It is considered impossible to transmit information faster than light. It has been never achieved in an experiment and the scientific consensus it is that it's impossible.
A good breakdown of the arguments is here.
In short, faster-than-light travel of information is equivalent to time travel, which is ripe with paradoxes.
More information on wikipedia
The current scientific consensus is that faster-than-light communication is not possible, and to date it has not been achieved in any experiment.
Superluminal communication is believed to be impossible because, in a Lorentz-invariant theory, it could be used to transmit information into the past. This contradicts causality and leads to logical paradoxes.
Wikipedia also mentions the no communication theorem which specifically applies to quantum information theory.
In physics, the no-communication theorem is a no-go theorem from quantum information theory which states that, during measurement of an entangled quantum state, it is not possible for one observer, by making a measurement of a subsystem of the total state, to communicate information to another observer. The theorem is important because, in quantum mechanics, quantum entanglement is an effect by which certain widely separated events can be correlated in ways that suggest the possibility of instantaneous communication.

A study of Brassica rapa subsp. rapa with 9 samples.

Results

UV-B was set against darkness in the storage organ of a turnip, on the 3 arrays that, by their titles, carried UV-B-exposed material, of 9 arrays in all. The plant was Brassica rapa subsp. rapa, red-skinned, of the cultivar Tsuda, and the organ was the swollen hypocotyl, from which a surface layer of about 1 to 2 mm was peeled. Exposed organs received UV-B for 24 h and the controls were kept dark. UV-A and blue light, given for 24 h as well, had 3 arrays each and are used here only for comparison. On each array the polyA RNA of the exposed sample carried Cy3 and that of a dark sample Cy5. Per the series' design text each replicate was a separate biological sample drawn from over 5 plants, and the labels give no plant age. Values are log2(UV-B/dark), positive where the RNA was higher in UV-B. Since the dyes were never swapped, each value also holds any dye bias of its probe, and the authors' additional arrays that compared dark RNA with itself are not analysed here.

In fact, this directly disproves the CRI article, which claims
The tiny particles act as if it's in two places at the same time - a phenomenon known as "superposition."
in practice it means that calculations can be carried out faster than light. [sic]
In other words, the article is confusing quantum entanglement ("spooky action at a distance", without communication of information), with quantum computing, which would allow us to calculate stuff really fast, but... not faster than light, which is meaningless.